June 26th, 2012
By Paul Rosta
Commercial real estate becomes more global every year. Even in an unsettled world economic climate, a broad spectrum of development, investment, consulting and advisory firms are on constant lookout for fresh opportunities. As one of the oldest China hands in the U.S. real estate industry, Portman Holdings L.L.C. has perspective on the strategies required to successfully launch an office in a rewarding but complex market.
One of the first real estate companies to enter China when the country relaxed restrictions in 1979, the diversified Atlanta-based company chose Hong Kong as its first location in Asia. From there, it led the development of landmarks like Shanghai Centre, a 2 million-square-foot mixed-use project completed in 1990.
Three years later, the firm closed its longtime office in Hong Kong and moved its operations to Shanghai in order to be closer to its projects. Today, Portman fields a team of about 30 in Shanghai. The lessons learned from operating in China have helped guide the approach to establishing additional outposts in Asia. Portman opened an office in Mumbai in 1996, and in 2006, the firm established a location in Seoul in order to oversee Songdu Landmark, a master-planned 1,500-acre development.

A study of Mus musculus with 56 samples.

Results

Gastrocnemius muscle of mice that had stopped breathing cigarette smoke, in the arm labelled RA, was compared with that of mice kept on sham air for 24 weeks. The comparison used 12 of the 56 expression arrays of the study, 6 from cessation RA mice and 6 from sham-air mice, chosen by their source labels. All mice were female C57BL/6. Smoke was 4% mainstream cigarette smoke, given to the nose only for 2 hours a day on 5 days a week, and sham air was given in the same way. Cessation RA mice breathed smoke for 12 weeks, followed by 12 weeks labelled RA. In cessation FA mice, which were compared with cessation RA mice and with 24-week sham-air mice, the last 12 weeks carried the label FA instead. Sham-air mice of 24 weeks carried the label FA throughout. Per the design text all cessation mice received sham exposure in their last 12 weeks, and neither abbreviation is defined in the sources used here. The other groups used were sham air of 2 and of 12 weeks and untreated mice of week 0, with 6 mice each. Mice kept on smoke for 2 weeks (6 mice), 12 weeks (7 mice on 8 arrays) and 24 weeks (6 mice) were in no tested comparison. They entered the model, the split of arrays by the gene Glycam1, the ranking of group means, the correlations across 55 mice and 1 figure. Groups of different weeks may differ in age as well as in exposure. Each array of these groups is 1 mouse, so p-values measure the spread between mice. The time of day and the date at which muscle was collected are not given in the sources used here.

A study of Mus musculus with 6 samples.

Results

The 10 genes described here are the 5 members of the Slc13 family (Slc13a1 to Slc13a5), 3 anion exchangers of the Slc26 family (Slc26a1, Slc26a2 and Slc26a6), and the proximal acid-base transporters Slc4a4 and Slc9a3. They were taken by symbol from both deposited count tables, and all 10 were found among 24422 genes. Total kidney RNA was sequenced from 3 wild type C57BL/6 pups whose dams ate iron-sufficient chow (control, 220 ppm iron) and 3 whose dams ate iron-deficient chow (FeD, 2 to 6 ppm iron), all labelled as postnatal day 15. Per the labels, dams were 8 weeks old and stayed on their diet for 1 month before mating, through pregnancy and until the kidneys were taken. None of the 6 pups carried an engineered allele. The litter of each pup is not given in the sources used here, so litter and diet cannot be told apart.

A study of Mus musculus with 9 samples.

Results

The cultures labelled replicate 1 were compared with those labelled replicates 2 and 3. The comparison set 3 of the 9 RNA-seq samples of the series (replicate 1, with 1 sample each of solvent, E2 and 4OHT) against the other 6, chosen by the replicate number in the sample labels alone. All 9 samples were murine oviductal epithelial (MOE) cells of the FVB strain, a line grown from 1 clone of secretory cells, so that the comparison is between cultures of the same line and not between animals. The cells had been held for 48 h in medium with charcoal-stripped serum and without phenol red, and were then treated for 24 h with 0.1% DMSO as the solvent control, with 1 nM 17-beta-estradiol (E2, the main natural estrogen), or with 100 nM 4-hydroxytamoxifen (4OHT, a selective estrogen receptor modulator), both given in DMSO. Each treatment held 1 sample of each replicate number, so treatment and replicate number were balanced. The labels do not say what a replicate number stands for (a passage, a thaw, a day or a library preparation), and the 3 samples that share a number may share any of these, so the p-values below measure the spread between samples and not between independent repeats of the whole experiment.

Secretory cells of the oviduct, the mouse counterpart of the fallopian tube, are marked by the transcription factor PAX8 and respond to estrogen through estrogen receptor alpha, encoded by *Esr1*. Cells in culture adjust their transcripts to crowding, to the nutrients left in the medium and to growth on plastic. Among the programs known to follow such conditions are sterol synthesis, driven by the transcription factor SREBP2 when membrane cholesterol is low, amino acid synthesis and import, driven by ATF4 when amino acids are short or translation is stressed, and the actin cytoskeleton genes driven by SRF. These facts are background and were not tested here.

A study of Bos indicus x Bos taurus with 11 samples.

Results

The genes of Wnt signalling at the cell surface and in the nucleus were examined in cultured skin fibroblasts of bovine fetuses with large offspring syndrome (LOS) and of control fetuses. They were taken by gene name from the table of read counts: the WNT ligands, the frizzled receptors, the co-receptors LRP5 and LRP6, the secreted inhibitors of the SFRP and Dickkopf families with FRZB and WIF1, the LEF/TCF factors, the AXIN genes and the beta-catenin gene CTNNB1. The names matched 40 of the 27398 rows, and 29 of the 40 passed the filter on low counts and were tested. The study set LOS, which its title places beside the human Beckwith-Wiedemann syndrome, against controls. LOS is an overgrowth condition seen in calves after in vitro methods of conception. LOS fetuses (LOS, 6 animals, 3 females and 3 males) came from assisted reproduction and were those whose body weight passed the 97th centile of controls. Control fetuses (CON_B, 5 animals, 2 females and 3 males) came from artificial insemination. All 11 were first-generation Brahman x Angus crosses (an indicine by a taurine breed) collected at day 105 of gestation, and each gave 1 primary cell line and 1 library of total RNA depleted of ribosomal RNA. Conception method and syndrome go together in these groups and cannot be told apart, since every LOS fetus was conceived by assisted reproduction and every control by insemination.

Late last year, Portman staged a homecoming of sorts and hung out its shingle in Hong Kong for the first time in nearly two decades. The company decided to return to Hong Kong for multiple reasons. A major consideration was that Hong Kong serves as the headquarters for many of its capital partners. Even though it is only a two-hour flight from Shanghai, the company’s leadership wanted its team to have easier and more frequent interaction with those partners.
There is no substitute for more personal contact, observed CEO Ambrish Baisiwala.